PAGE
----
A groundbreaking and historic stride forward was made in the world of state-legal cannabis programs last week, when a bill was passed that would prevent the Department of Justice from interfering with state policies related to marijuana consumption, be it for medicinal or recreational purposes. The vote was approved by something of a landslide. With the help of bipartisan support, the final ballot ran 267 – 165.
This is considered a major breakthrough in marijuana policy, and will be of great encouragement to Michigan marijuana business operators. It signals that in the future, matters related to marijuana will be decided at a state level, rather than a federal level. There’ll be no funding provided to the Department of Justice to investigate or prosecute marijuana issues in states that have their own cannabis laws. That’ll mean that if a business is producing and selling marijuana in a state where they are legally allowed to do so, such as Michigan, then the federal government will be unable to legally challenge their right to do so, even if it remains illegal at the national level.
It’s not just that this vote puts the decisions related to marijuana at a state level, either. There are broader implications at hand which show that the future of cannabis will be bright — it’s a sign of how far medical and recreational marijuana has advanced in recent years. This bill offers a snapshot of the advances and the rapid ascent of marijuana at a legal level, too. Just four years ago the same bill was defeated by nine votes; now, it passed without even a hint of defeat.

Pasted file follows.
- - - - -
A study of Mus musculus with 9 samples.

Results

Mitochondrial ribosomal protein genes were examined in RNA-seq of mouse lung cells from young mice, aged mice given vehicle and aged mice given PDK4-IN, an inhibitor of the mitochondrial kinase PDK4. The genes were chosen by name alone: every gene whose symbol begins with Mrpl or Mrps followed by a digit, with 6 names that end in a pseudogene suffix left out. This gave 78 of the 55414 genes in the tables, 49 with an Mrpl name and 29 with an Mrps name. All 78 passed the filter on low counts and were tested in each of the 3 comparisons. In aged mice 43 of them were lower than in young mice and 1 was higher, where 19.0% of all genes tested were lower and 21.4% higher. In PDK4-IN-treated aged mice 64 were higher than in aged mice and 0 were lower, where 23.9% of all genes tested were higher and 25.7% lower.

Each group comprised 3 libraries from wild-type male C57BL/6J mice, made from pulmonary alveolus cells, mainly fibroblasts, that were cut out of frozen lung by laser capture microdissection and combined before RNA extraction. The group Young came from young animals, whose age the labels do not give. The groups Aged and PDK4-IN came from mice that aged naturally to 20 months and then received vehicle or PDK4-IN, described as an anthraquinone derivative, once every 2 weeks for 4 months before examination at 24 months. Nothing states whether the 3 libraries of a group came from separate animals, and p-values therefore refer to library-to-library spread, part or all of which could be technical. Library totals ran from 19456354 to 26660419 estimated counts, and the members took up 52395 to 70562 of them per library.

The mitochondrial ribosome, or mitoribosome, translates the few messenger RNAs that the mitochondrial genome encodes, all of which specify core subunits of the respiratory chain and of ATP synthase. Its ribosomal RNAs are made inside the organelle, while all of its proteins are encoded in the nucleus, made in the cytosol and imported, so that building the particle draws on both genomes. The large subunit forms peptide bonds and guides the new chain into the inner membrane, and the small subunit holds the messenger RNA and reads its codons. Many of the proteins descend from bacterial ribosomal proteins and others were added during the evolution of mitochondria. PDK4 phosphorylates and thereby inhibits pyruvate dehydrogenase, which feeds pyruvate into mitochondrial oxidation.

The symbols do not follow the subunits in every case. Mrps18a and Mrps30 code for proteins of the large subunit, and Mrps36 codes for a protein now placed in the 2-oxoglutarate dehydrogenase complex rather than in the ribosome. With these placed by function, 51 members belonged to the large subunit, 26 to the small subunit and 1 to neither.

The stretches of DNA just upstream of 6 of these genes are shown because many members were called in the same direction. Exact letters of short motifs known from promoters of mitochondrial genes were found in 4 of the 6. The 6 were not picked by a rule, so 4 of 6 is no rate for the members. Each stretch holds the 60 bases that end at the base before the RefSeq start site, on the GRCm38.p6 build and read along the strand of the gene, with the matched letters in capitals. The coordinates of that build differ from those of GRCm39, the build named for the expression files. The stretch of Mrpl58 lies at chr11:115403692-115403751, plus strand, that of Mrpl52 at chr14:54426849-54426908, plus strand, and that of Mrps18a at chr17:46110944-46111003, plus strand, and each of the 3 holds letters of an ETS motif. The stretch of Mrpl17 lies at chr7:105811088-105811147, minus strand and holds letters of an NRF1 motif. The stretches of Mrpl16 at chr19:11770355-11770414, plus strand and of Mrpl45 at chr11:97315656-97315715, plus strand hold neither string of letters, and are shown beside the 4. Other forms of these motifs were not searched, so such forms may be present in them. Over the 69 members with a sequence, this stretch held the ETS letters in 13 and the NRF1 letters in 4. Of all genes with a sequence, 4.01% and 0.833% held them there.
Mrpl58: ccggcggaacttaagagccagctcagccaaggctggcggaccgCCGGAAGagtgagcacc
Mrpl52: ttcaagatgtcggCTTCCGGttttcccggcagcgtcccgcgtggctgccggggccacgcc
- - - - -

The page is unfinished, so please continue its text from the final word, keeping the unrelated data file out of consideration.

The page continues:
It’s not just the medical and recreational benefits of marijuana that have brought in support from the plant. The economic benefits are increasingly evident, too. In fact, one of the reasons why this bill received such widespread support from both parties is because the benefits of legal marijuana stretch far beyond the medical and recreational aspects, beyond the actual consumption of the plant.
There are some pretty sound economic figures that do a lot of talking. Indeed, recreational and medical cannabis is something of the boom economy of our times: across the national, marijuana brought in some $52 billion in sales last year, and there was also a 76% increase in jobs, too. And the industry is only expected to grow more in the future, too. While the numbers related to the cultivation and selling of marijuana are encouraging, the numbers associated with policing the plant are much less so — the U.S. spent some $3.6 billion in a ten year period trying to suppress the plant. Sometimes, it’s just pure mathematics that’ll lead to the most obvious conclusion, which is what was reached in the U.S. House of Representatives.
With the latest bill further fortifying marijuana’s position in Michigan and beyond, plus the fact there is so much optimism around the continued economic prowess of the plant, this could be the perfect time for interested parties to look at opening up their own marijuana business.